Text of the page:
Proactive Snow Removal Planning for Hotels: An Ounce of Planning is Worth a Pound of Cure
By Scott B. Brickman CEO, Brickman | October 28, 2008
Snow removal presents a significant challenge for hotel executives. After all, guests measure the experience of their stay from the time that they pull into the parking lot to the time that they leave. If your guests have difficulty navigating your parking lot due to a poorly-plowed surface, it will have a profound negative impact on their stay. Business travelers can be late to meetings, and recreational travelers may leave with a bad feeling about their hotel experience. Even employees may be affected, resulting in less efficient operations and low morale. All said, snow removal can be the source of many headaches for everyone.
So how can you, as a hotel executive, minimize the impact of snow on operations? The first step is to make snow and ice removal a top priority year-round, not just when the weather starts to turn cold. Hotels that experience the best snow removal efficiency are those that begin lining up contractors in the summer and fall. These hotel executives recognize that the best snow removal teams require a comprehensive knowledge of their parking lots - and traffic patterns - before it is buried under a mass of the cold, white stuff.
By negotiating a contract in advance of winter, hotel executives give their contractors and building superintendents an opportunity to build a communications strategy before such interactions become critical. At the start of the relationship, the contractor and superintendent can exchange emergency phone numbers and establish snow and ice removal procedures that can be fine tuned over time. Although each hotel will craft a plan that meets its individual needs, it is important to communicate expectations up front to avoid frustrations and potential future billing disputes.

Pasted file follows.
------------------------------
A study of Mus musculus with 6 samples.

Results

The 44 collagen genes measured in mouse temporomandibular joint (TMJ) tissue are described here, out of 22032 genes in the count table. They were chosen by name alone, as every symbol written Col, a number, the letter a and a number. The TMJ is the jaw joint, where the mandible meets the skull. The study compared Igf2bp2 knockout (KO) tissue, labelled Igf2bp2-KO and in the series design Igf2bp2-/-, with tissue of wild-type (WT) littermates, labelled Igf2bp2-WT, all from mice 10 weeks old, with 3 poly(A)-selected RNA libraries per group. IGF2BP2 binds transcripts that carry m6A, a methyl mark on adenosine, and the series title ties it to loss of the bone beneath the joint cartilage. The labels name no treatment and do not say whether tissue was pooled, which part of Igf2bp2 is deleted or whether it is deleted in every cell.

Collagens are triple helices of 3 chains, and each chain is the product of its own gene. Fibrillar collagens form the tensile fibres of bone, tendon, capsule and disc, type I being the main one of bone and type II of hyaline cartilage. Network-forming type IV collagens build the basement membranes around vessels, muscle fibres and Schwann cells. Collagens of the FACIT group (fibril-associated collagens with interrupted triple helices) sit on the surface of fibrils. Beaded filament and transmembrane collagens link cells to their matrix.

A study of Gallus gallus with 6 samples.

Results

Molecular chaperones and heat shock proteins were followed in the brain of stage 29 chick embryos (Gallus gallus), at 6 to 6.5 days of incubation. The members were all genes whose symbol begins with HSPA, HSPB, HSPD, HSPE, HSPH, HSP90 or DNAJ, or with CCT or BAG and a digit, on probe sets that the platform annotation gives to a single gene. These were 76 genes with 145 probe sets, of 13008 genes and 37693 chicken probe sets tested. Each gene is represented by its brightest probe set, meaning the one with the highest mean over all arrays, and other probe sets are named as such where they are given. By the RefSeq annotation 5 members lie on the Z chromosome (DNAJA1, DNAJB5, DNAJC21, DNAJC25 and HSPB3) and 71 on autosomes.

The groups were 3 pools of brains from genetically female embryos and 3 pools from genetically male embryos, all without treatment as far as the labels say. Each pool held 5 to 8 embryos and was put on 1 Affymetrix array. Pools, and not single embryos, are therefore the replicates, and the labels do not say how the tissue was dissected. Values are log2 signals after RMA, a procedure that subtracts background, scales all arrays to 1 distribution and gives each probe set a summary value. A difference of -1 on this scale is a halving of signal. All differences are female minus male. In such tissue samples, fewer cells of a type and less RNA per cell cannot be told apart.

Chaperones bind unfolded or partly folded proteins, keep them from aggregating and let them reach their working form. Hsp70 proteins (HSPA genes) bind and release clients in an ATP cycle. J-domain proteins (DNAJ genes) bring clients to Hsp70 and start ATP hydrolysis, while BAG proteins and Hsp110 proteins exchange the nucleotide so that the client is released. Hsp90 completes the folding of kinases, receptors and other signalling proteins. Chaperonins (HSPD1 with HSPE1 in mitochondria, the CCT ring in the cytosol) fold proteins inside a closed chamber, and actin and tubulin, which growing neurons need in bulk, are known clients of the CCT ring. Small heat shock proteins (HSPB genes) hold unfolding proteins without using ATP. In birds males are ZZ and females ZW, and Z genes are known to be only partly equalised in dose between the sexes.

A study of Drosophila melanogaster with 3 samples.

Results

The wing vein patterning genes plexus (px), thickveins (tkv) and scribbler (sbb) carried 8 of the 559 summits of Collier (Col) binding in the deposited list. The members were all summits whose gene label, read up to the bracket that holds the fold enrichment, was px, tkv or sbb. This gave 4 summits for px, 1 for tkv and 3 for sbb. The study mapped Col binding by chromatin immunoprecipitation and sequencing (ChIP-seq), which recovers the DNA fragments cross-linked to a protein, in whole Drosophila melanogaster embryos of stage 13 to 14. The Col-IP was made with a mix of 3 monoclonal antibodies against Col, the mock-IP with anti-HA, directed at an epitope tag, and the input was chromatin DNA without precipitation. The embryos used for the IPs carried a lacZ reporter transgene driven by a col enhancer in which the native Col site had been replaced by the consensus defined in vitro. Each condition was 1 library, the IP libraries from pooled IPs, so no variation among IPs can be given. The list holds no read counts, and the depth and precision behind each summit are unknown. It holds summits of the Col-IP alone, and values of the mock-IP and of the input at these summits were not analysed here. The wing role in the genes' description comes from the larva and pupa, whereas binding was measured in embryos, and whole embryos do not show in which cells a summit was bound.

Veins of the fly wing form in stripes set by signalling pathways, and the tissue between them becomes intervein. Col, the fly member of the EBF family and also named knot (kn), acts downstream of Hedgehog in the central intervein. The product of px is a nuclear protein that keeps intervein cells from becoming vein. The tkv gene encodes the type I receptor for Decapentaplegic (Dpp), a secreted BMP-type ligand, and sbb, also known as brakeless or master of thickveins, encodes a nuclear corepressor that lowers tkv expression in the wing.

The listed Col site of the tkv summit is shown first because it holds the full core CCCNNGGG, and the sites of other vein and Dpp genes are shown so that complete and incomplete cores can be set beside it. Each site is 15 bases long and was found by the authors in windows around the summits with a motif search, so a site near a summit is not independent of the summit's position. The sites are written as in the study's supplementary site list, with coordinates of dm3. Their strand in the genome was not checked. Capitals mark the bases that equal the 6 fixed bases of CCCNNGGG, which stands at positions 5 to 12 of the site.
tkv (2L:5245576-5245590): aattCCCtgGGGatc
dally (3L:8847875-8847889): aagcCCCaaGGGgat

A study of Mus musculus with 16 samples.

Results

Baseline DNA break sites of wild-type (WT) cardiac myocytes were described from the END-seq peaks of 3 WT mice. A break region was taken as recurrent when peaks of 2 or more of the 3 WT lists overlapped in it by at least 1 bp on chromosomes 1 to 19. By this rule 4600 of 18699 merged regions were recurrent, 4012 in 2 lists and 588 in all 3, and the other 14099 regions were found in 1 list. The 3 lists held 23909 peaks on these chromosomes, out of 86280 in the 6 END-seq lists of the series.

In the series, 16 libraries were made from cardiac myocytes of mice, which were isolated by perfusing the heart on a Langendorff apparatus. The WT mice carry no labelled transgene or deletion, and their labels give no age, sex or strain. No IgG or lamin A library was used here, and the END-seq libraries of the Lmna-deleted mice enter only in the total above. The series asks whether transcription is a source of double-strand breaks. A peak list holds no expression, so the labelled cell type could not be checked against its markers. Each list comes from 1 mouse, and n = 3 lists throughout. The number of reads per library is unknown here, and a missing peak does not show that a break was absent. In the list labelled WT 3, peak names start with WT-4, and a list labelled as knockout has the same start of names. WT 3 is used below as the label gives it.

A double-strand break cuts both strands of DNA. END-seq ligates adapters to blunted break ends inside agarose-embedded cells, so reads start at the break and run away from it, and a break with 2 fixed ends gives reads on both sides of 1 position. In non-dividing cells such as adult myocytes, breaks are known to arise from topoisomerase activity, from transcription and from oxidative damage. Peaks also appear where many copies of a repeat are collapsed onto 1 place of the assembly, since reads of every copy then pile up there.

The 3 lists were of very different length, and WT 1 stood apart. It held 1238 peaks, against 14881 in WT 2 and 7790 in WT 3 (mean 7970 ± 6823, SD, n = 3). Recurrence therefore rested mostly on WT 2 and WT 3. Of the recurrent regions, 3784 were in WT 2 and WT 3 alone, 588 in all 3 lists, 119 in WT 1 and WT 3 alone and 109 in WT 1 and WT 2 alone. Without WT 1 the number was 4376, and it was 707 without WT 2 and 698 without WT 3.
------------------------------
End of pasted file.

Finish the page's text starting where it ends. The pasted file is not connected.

One area of discussion needs to be how plowing will occur during a prolonged snow storm. If, for example, snow is coming down for an extended period of time, should your contractor make multiple trips to your site? If yes, it is important to agree on the scope of work ahead of time. Another important consideration is how to address the messy issue of removing snow under cars. Typically, plows will clear aisles of a parking lot quickly, but the snow can slide under parked cars. When those cars leave, hotel executives need to decide if they want the contractor to return to remove the excess snow.
If you need plows to come back, will you be billed again or will it be considered part of the original job? These are the type of "what-if" scenarios that need to be negotiated up front before signing any contract with a snow removal specialist. Clearly, the way your snow removal contract is structured will have a profound impact on short and long-term costs.
Once you are ready to take a proactive approach to your hotel's snow removal strategy, there are a few important steps to follow. First, you will need to prepare a list of potential contractors. When assembling your list, you should try to include a few different contractors and closely review past performance on hotels similar to yours.